Tourette Syndrome - Symptoms

Patients with TS can exhibit a range of symptoms. Most patients will have some but not all of the symptoms. Motor tics and obsessive thoughts are the most common symptoms. Compulsive behavior is also common among TS patients. A compulsive behavior is an action performed over and over again for no apparent reason. Constant hand washing is an example of compulsive behavior.

Patients with TS may have other mental disorders. For example, they may have trouble controlling their impulses, or they may talk in their sleep or awaken frequently. Many TS patients also have the learning disorder known as dyslexia (see dyslexia entry).

The tics associated with TS can be simple or complex. A simple tic involves a sudden, brief movement of a single group of muscles. It is generally repeated several times. A complex tic consists of a repeated pattern of movements that can involve several muscle groups, usually in the same order. An example of a complex tic might be a side-to-side head movement followed by eye blinking followed by opening the mouth then stretching the neck.

Vocal tics can consist of sounds and noises that have no meaning. Or they can involve the use of words and phrases repeated over and over again. Tics tend to get better and worse in cycles. Patients often develop new tics as they grow older. The symptoms of TS may get better for weeks or months, only to become worse later.

Some examples of tics associated with TS include the following:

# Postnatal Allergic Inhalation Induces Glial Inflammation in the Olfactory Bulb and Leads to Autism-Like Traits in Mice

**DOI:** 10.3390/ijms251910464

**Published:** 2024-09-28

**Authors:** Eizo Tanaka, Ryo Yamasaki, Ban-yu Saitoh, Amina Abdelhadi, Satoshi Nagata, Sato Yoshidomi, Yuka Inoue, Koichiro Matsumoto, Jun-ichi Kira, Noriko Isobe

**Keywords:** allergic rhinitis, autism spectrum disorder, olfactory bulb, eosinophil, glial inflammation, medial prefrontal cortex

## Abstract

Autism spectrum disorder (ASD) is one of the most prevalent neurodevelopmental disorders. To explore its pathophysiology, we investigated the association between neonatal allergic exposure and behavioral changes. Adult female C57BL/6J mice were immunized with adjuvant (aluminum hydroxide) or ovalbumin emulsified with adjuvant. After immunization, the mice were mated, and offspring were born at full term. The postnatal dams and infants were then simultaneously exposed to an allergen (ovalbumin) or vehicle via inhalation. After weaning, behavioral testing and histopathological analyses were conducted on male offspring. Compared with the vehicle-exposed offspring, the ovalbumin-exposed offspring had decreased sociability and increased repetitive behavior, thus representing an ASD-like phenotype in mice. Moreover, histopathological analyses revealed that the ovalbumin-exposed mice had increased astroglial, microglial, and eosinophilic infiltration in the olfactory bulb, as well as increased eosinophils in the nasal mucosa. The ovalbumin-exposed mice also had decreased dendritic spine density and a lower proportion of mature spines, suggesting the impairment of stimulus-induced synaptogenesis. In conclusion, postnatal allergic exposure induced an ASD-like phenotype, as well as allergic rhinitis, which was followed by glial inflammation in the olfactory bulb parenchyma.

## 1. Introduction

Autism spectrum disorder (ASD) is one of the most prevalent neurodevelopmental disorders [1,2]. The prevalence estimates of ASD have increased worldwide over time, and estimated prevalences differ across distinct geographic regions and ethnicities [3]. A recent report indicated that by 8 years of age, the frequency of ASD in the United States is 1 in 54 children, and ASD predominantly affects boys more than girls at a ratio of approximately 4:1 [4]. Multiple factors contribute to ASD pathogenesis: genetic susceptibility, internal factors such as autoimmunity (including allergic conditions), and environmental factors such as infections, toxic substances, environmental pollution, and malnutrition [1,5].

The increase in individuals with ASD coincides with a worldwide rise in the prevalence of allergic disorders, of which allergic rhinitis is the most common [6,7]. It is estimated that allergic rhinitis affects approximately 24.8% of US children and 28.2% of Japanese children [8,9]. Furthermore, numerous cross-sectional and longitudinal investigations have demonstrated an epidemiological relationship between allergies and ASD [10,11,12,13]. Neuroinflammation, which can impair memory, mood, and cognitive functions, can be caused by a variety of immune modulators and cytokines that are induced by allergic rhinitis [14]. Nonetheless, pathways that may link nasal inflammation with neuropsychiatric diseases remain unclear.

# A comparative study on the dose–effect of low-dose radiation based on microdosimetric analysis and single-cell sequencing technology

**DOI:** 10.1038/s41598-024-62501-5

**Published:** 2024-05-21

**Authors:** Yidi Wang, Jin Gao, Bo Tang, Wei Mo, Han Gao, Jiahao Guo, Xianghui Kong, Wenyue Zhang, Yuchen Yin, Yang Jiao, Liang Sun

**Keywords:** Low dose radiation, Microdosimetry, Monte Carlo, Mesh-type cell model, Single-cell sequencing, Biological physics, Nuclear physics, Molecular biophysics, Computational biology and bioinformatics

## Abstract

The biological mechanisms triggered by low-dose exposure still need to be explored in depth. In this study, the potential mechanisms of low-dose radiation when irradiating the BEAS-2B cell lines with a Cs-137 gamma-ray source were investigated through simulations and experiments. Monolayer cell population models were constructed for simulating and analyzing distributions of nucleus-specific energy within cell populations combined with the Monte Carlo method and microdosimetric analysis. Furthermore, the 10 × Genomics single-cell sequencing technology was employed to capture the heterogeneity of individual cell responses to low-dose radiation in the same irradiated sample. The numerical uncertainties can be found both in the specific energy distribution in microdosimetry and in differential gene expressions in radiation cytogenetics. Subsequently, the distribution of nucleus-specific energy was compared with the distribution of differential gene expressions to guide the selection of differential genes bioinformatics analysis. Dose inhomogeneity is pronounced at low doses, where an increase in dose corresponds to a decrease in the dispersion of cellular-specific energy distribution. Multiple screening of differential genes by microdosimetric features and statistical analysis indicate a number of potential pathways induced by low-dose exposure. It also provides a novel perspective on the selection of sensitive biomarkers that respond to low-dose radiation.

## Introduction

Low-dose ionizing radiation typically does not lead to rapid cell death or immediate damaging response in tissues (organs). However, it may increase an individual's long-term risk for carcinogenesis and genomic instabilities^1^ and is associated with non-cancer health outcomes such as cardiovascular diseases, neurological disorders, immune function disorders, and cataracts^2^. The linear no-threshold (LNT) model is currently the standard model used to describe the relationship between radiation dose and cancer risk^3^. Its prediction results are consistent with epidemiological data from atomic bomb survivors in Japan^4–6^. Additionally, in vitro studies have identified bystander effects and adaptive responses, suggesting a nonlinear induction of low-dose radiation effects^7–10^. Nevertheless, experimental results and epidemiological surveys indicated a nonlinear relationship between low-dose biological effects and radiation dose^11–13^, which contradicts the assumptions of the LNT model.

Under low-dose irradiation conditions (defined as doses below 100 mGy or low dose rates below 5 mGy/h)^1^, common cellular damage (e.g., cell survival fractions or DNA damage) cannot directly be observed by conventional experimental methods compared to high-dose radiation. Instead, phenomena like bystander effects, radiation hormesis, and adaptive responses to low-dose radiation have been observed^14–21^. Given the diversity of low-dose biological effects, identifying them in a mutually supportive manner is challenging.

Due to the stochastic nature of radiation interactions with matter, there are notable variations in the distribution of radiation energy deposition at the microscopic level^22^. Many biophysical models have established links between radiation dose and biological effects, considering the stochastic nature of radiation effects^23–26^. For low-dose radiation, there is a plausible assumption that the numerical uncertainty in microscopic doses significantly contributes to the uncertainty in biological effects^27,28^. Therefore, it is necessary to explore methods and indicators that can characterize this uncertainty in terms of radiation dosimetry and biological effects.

• Simple motor tics: Blinking the eyes, pouting the lips, shaking or jerking the head, shrugging the shoulders, grimacing (making faces), sudden kicking movements, snapping the jaws, and clicking the teeth.
  • Complex motor tics: Jumping up and down, touching parts of the body or certain objects, smelling things over and over again, stamping the feet, twirling about, throwing or arranging objects, head-banging, writing the same letter repeatedly, and making obscene gestures.
  • Simple vocal tics: Clearing the throat, coughing, snorting, barking, grunting, clicking the tongue, whistling, hissing, and making sucking sounds.
  • Complex vocal tics: Repeating phrases such as "Oh boy," "all right," or "what's that?"; saying dirty words or offensive racial expressions; speaking very rapidly or loudly, and repeating whole sentences over and over.

User Contributions:

Comment about this article, ask questions, or add new information about this topic:

The Content is not intended as a substitute for professional medical advice, diagnosis, or treatment. Always seek the advice of your physician or other qualified health provider with any questions you may have regarding a medical condition. Never disregard professional medical advice or delay in seeking it because of Content found on the Website.